March 12, 2017
During an unprecedented externship at Merck and Co., 18 Ursinus alumni working at Merck offered four students an insider’s look at the biopharma industry, as well as careers that they may not have considered as Ursinus undergraduates.
The Career and Professional Development extern program has grown from an initial 17 students in 2014 to 39 students this past January. From the Bucks County District Attorney’s Office to medical clinics and investment firms, Ursinus alumni and parents have stepped up to offer Ursinus students a look at what they do on the job and how they got there.
“I was always under the impression that with my major I could either go to medical school, become a teacher or do research,” said Abigail Goldstein ’19, a biochemistry and molecular biology major. “However, after my experience at Merck, I realized that there are so many options available with someone studying the sciences.”
Getting an Overview
At Merck, Ursinus alumni (and some non-alumni) gave students an overview of the company’s work, such as the role of biostatistics in drug and vaccine development, the clinical development process, drug safety and other aspects of the industry, including human resources. Organizer Chris Lamplugh ’89, executive director, Global Data Operations, said he read about the externships in an Ursinus newsletter and put out some queries. It grew from there.
In addition to Goldstein, externs Hailey Donahue ’18, a biology major and psychology minor, Jillian Janowski ’17, a biology major and ethics minor, and Kimberly Realbuto ’17, a biology major and accounting minor, learned for example, from Megan Dresher ’02, now associate director, Human Resource Operations, that human resources is also a career option for those with a science background.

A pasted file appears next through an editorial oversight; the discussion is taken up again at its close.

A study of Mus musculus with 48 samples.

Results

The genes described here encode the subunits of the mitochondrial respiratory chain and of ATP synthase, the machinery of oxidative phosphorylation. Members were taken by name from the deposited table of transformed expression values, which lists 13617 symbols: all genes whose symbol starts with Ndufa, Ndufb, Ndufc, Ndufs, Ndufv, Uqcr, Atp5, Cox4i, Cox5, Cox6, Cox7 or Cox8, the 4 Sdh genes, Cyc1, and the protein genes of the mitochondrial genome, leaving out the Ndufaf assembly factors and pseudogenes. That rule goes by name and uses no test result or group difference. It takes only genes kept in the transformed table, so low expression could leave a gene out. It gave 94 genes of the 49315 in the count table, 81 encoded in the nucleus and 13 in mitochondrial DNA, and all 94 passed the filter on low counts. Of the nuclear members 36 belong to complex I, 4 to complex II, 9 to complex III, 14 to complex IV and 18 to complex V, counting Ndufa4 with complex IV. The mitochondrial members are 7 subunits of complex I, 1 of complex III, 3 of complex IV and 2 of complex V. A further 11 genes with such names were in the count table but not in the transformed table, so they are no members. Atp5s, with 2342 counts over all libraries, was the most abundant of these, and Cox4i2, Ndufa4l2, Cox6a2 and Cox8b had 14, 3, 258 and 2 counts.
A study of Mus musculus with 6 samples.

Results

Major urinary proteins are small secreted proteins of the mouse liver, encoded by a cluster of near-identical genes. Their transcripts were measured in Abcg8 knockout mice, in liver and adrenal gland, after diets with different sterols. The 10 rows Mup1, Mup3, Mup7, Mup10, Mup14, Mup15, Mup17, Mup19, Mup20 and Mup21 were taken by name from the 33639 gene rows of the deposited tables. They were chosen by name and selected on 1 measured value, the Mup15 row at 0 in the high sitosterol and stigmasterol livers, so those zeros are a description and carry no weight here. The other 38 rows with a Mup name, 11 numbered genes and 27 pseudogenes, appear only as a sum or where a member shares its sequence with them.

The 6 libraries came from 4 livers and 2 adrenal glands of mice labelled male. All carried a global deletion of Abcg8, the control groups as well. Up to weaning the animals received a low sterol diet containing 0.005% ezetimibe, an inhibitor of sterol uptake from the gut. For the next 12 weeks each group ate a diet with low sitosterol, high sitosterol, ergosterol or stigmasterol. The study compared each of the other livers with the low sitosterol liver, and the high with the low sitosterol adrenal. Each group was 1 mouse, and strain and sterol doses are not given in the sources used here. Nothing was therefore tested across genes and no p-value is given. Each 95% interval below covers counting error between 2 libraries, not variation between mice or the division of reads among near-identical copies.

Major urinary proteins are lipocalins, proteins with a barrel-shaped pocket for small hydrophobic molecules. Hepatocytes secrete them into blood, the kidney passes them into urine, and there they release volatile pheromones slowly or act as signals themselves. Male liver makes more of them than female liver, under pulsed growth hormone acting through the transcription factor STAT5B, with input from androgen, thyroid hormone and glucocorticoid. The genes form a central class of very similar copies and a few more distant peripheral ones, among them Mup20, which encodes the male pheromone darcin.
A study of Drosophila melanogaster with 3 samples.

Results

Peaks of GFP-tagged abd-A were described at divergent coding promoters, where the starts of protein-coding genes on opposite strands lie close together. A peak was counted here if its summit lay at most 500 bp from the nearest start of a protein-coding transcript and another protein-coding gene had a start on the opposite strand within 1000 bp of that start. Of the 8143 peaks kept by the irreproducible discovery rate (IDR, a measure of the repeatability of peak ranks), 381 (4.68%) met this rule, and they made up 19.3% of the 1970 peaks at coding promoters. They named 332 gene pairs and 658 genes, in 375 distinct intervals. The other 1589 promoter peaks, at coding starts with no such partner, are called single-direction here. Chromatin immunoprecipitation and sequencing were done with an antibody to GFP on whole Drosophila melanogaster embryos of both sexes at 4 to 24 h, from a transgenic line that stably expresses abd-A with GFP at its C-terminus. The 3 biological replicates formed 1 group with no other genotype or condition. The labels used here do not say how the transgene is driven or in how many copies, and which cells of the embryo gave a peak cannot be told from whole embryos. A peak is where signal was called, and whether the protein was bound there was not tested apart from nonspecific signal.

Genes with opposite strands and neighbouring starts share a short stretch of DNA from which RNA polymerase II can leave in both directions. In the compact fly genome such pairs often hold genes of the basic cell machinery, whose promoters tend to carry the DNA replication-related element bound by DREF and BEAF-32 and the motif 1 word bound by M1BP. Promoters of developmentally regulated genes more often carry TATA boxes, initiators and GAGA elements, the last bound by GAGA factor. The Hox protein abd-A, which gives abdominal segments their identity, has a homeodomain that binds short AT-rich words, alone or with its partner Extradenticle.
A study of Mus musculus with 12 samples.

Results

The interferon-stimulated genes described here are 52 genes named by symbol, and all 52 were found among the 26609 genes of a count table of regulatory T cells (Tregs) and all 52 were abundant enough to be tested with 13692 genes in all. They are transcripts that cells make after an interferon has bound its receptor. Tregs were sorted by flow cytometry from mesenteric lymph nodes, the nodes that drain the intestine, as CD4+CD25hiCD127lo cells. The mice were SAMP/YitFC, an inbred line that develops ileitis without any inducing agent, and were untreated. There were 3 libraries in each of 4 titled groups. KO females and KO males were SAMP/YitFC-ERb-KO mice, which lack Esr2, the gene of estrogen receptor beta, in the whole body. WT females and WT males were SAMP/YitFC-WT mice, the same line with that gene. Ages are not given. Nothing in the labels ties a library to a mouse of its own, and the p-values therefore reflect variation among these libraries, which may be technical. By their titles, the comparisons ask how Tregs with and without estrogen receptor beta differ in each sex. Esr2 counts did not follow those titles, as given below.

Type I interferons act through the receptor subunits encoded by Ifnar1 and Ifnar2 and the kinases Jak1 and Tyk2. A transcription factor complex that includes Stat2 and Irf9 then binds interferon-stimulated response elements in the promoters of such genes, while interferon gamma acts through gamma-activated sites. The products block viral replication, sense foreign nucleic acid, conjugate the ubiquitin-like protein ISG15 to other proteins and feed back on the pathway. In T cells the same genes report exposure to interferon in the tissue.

After graduating from Ursinus, Dresher was not interested in the traditional biology paths such as medicine, teaching or research. “I did not know what I wanted to do,” she said. Dresher accepted a contract position in data management and was later offered a permanent position. She took her project management expertise to human resources, where she now leads various large-scale transition and process improvement projects. “Building a transferable skills set is important,” she said.
Her colleague, Kristin Laskowski ’02, who was a double major in psychology and communications at Ursinus, got a master’s degree in human resources development and leads a team based in Europe as associate director of EMEA (Europe, Middle East and Africa) human resources service delivery team.
Natalie MacConnell ’02, a computer science major and math minor at Ursinus, was an intern at Merck for two summers and also worked as a contractor in the Merck IT division developing websites. Her focus now is in learning and development within human resources, building leadership capabilities among employees.
La Quita Garcia ’09, who was an evening center student, is, after 15 years at Merck, a global human resources learning leader.
Unique Job Journeys
Janowski said she enjoyed “getting the chance to hear from various individuals from different departments … I not only learned interesting information about Merck, but I learned so many professional tips from hearing about everyone’s unique journey within the industry,” she said.
The week at Merck, said Donahue, “opened my eyes to so many jobs in the industry and being able to talk with so many Ursinus grads who now love their jobs was an incredible experience.”
Other alumni who participated in the weeklong externship program were Jeff Algayer ’01, Michael Baganski ’93, Kimberly (Algayer) Bentz ’99, Maria Craze ’00, Jason Forsell ’99, Filippa Guerra Karcewski ’98, Brian C. Marks ’03, Sabrina Marsilio ’99, Anthony Petrino ’00, Brian Pro ’00, Krista (Maurer) Striano ’01 and Robert Tipping ’83.
Lamplugh noted that students received practical advice for entering the workforce. “I think the students walked away with a much better understanding of what opportunities are available to them post-graduation,” he said.